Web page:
I am a member but I have always wondered what the Mormon Church has said about abortion. Thanks, Gramps!
The taking of a human life, either before or after birth, is a grievous sin. The fact that many people in our modern society promote and practice this diabolical activity in no way lessens the severity of the offense before God. President Spencer W. Kimball has said,
Abortion is a serious sin. There is such a close relationship between the taking of a life and the taking of an embryonic child, between murder and abortion, that we would hope that mortal men would not presume to take the frightening responsibility (The Teachings of Spencer W. Kimball, p.188).
We read the following specific information regarding abortion in the Encyclopedia of Mormonism,
Abortion is one of the most revolting and sinful practices of this day. Members must not submit to, be a party to, or perform an abortion. The only exceptions are when-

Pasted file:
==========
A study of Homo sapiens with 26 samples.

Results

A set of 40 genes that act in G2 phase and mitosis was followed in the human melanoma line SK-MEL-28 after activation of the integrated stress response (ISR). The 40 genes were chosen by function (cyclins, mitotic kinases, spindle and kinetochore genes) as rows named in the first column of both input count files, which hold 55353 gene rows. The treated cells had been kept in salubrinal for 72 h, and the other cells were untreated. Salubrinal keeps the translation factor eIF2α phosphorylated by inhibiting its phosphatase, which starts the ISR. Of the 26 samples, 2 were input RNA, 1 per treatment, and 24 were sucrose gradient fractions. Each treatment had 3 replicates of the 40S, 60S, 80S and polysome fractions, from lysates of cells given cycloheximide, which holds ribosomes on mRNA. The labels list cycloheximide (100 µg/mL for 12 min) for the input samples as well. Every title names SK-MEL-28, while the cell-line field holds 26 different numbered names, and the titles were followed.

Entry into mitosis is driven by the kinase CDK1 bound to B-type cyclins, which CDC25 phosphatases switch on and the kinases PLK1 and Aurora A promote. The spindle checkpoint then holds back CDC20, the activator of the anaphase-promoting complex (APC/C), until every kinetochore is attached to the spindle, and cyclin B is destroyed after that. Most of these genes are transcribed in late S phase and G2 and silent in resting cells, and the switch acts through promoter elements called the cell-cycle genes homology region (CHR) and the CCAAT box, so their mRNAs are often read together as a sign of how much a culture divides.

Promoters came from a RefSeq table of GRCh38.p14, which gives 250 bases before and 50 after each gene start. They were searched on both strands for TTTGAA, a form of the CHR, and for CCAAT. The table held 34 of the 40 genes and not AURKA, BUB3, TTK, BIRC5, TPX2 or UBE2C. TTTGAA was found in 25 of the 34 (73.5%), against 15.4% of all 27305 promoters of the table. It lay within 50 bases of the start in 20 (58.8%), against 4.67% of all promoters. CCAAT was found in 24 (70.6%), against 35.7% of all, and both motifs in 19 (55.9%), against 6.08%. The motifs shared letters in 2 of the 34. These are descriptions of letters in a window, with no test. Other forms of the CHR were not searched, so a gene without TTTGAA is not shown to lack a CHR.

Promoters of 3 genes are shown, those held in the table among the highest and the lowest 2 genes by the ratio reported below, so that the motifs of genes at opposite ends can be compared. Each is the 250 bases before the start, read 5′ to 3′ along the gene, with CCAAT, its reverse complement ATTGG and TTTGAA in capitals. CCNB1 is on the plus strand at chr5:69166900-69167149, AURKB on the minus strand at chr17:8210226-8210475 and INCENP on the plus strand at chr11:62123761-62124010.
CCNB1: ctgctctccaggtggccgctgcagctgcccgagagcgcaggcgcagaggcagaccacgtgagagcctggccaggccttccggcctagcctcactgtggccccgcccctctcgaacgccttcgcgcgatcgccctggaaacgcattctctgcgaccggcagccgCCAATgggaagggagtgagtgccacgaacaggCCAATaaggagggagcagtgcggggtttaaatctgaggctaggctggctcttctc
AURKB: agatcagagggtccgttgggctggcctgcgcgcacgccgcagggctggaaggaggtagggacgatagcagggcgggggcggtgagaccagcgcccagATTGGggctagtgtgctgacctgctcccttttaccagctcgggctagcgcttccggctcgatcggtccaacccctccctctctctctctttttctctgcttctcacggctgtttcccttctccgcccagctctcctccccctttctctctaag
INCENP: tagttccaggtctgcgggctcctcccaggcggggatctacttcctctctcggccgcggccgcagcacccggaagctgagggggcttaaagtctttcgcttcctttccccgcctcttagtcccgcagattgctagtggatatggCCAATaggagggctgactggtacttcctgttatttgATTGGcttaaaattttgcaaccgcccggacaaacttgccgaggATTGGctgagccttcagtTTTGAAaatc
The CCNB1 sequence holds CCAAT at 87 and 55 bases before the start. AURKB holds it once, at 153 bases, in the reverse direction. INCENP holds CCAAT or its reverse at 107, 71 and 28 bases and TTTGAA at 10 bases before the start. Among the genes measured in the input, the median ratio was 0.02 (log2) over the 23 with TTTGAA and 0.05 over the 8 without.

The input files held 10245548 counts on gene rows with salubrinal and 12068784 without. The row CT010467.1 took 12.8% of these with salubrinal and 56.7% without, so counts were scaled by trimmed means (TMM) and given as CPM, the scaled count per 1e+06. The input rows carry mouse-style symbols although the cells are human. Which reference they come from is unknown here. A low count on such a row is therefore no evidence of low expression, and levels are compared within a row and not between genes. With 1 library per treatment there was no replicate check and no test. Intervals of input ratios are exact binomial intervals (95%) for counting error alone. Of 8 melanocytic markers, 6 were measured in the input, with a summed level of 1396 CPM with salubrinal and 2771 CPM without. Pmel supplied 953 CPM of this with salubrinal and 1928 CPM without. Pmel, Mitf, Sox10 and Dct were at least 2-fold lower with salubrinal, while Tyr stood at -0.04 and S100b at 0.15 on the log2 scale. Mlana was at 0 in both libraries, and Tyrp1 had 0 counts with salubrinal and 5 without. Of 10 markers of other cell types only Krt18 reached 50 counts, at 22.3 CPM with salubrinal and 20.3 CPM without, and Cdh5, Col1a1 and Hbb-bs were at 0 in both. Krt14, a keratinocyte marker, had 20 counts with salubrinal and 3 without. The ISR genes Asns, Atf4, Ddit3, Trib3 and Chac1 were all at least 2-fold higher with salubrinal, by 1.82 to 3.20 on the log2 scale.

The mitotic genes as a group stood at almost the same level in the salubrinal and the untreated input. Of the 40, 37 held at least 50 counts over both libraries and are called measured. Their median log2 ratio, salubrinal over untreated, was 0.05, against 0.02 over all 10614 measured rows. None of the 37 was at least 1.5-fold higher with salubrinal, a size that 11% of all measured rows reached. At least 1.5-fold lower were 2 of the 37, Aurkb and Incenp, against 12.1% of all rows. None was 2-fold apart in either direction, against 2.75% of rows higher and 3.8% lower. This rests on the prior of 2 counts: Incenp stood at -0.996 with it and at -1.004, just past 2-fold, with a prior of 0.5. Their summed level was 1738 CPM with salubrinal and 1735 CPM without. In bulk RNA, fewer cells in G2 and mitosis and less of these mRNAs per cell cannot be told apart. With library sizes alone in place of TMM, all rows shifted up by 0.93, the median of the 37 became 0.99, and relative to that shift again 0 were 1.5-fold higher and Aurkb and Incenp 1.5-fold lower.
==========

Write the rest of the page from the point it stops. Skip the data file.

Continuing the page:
1. Pregnancy has resulted from incest or rape;
2. The life or health of the woman is in jeopardy, in the opinion of competent medical authority; or
3. The fetus is known, by competent medical authority, to have severe defects that will not allow the baby to survive beyond birth (Encyclopedia of Mormonism, Vol.3).
The God-given gift of life is precious. To prevent its occurrence or to terminate its existence is classed among the most serious of sins. Their seriousness is related to the fact that life is precious. However, the precious nature of life is not manifest only in coming into or going out of the world. Those two acts are but the beginning and the end. Between those two end points is the daily walk of the individual. Understanding the precious nature of life, we should use the utmost care not to damage or harm it in any way. If we could feel a genuine love for our Father’s other children we would extend ourselves in their behalf. The question of being kind just to those who in our opinion would merit our kindness would not be an issue. We would treat equally well all of our Father’s children. The Savior’s love and compassion was extended not to just the worthy, but to all humanity. To treat anyone in an unseemly manner in some way negates our appreciation for and understanding of the great atoning sacrifice of the Son of God.